Brute Squad Writing

Character Theme Songs

I listen to music a lot when I write; I find it really helps get me into the right mind-set. This is especially true when I’m writing characters. I’ve posted a couple of playlists before, for Naeris and Roshan, and I’ve certainly written in generalisation about why I picked certain songs.

Now, I’ve written a lot of character-based fluff pieces recently (I’m trying write more words, more often so that NaNoWriMo doesn’t come out of left field again), so I’ve had a lot of chance to listen to some of those playlists. For some characters, like Aidan (a wild-mage baker) it’s easy: I just throw on ‘Magic Dance’ and get writing. So I thought I’d try something a little different this time, and try to pick the one song from a character’s playlist that I think encapsulates them as a character, and work through why I think that. Now, I’m much better at consuming music than I am at writing about it, so buckle up. It’s time to get experimental.

Character Theme Song: Naeris Alleyborn – ‘The Cave’, Mumford and Sons.

The song talks a lot about faults; about changing ones ways and seeing the world in a different light. What are the faults Naeris wants to leave behind? What ‘shame’ do they know? For that, we need to take a look a their history.

Naeris was abandoned as a child, and grew up on the streets of the capital city of a kingdom gripped by brutal tyranny. Survival meant stealing, and that meant taking things from people who probably needed it just as much as you did. To a gang of orphans, living hour-to-hour, the mere fact that someone else had something meant that they were better off than you. Why not take it? Why not join a gang of criminals that would provide shelter and decent food in exchange for a bit of theft or arson? We’re just trying to survive, even if that means preying on others. I mean, they all do it too–those guards, shaking down that merchant for extra coin, that woman turning in her husband for treason to get the reward money.

In short, Naeris bought wholesale into the corrupt, unjust world they lived in. They were too distracted by the shadows on the walls to see what was really going on. And yeah, obvious Plato reference; I mean, the song is called ‘The Cave’. But there’s another, more fitting cave I wanted to discuss.

So, St. Francis of Assisi, right?. All round swell guy, loved fighting wars, partying hard, making money at the expense of others, and all those great things the upper-class of his time loved to do. A moment of divine inspiration, and he starts to come around to the idea that maybe all that money could be used to help people. He goes off on a vision quest to a bunch of remote, lonely places (a cave was probably involved) and he comes back a changed man. His view of the world has basically turned upside-down; he was ‘walking on his hands’, as the song puts it.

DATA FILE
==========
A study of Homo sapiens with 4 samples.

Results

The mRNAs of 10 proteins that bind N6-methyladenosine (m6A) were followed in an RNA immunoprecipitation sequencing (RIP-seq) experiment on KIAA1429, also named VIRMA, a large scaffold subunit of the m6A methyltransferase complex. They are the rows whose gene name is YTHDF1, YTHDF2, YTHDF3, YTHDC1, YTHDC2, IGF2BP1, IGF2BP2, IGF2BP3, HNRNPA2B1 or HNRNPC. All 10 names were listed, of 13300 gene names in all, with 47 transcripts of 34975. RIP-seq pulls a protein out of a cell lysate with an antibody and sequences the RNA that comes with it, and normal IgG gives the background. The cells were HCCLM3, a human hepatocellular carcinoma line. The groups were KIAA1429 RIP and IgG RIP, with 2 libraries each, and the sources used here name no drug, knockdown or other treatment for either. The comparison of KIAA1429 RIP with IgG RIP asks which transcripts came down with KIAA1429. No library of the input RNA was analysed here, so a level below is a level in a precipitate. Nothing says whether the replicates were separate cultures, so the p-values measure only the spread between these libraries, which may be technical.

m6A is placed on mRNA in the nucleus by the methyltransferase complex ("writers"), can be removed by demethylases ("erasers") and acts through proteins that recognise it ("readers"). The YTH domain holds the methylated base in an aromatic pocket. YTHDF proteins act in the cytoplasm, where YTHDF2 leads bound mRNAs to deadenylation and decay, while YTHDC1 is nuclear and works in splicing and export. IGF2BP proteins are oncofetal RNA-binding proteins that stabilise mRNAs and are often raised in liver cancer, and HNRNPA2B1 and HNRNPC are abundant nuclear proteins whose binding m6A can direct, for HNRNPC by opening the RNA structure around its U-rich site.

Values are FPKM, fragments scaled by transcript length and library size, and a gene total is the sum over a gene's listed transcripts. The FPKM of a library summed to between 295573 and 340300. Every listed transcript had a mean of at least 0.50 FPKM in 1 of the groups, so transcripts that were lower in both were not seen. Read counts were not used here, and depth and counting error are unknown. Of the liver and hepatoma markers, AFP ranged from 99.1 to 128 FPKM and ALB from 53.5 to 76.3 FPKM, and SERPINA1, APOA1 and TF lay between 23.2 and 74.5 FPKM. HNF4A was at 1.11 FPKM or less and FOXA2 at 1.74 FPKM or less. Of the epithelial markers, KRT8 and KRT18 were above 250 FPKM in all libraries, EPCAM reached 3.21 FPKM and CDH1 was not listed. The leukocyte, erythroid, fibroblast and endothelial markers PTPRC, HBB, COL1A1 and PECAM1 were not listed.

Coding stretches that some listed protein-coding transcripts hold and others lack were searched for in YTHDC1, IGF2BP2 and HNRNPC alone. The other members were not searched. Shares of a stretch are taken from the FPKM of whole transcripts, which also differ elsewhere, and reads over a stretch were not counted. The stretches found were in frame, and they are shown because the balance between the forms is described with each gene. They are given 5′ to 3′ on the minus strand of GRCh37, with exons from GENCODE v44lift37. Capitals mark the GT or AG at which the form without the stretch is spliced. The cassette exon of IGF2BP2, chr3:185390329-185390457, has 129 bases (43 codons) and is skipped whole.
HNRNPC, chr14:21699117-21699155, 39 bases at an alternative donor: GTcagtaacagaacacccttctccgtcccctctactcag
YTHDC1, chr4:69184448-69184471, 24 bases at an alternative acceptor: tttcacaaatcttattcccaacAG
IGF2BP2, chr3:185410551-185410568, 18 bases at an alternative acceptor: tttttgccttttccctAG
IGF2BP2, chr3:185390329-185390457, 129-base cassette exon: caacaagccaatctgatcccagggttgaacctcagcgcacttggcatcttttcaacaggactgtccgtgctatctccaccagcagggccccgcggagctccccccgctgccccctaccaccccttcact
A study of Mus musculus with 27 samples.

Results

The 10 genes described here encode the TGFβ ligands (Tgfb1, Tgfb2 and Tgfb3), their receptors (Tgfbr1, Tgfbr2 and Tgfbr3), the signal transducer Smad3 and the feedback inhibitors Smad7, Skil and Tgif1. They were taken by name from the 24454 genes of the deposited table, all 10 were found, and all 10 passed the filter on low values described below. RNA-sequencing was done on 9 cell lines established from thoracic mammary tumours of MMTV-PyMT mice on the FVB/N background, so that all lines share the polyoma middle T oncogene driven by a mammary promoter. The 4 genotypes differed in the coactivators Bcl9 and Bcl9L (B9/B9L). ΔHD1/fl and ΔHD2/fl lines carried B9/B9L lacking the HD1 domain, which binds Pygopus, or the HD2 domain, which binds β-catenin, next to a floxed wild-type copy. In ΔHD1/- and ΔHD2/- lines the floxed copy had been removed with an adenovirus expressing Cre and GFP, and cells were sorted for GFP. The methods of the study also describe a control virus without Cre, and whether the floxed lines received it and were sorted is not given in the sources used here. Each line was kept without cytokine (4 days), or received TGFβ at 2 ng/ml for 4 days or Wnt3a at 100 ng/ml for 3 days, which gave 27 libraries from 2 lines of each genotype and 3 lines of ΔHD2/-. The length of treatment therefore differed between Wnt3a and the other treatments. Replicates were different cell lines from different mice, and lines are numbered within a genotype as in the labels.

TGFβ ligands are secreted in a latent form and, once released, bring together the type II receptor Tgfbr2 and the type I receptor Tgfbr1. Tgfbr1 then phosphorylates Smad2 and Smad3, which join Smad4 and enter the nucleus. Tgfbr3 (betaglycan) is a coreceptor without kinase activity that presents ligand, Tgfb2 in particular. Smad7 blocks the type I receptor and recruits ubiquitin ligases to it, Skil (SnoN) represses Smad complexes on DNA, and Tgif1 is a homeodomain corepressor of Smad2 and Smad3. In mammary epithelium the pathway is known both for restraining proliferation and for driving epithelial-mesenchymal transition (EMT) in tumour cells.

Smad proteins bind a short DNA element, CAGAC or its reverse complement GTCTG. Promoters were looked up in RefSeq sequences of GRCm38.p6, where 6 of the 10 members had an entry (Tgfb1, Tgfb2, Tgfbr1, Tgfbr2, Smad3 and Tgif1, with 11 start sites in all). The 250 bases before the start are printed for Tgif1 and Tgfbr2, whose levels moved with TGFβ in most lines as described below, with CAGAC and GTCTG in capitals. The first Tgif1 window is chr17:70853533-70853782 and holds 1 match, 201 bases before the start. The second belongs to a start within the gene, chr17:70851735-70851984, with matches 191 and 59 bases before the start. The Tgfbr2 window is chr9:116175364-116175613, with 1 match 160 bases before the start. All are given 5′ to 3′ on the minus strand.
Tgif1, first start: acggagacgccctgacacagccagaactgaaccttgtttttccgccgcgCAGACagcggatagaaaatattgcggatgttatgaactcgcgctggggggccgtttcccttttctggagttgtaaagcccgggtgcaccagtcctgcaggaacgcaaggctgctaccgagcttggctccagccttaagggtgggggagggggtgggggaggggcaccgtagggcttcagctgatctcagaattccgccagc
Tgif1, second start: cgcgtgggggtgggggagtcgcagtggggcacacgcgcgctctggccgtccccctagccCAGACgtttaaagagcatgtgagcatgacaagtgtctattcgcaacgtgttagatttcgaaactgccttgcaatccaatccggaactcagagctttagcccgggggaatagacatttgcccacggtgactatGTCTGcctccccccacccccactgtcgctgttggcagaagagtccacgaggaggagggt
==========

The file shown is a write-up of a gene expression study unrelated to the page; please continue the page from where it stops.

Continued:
For Naeris, the revelation wasn’t sudden, but rather the slow and inexorable realisation that something was very wrong with this society. Was it, like Francis, divinely inspired? That it reached a climax around the same time The Traveller chose Naeris as their cleric is, almost certainly not a coincidence, but the causality of that moment is a bit muddy. Did the Traveller simply see a soul that desired great change and grant it the power to achieve that? Or was it the other way around? I think–I say think, because I’m not entire sure myself–that it was a bit of both. Naeris went into the cave already knowing that things weren’t right, and emerged with the power to do something about it.

So, now we have a person with a not-too-great past who has been given a chance to change their ways, perhaps divinely inspired, perhaps not. A once-infamous rogue who now works as a champion of the poor, of ‘widows and orphans’, fighting for the freedom of the people from an oppressive regime. Someone who knows what it’s like to think that the shadows on the wall are all that there is, and who wants to show people the sunlight outside the cave (oh, that allegory again). Someone who, despite their faults, is finally figuring out what they’re supposed to be doing with their life.

There is one line, in particular, that resonates with the character:

I’ll know my name as it’s called again

It’s a bit silly, because I’m not entire sure what the original intent behind this line is. But ‘Naeris’ is just another nickname–they didn’t know until recently what the name their parents gave them was. Perhaps somewhat ironically though, they have been called it all along by The Traveller: Little Nightingale. Ultimately, Naeris needs to make a decision about who they are; about which of their many names is theirs. Which one represents the person Naeris wants to be — someone who fights injustice and inequity with compassion when possible, and with steel when required. The kind of person who looks upon Heptera, demon-goddess of rot and decay, and wants to redeem her. To deliver her from the corruption that was forced upon her (as far as they know; the DM might know otherwise).

Anyway, this has been a fun exercise, and I’d like to hear your thoughts!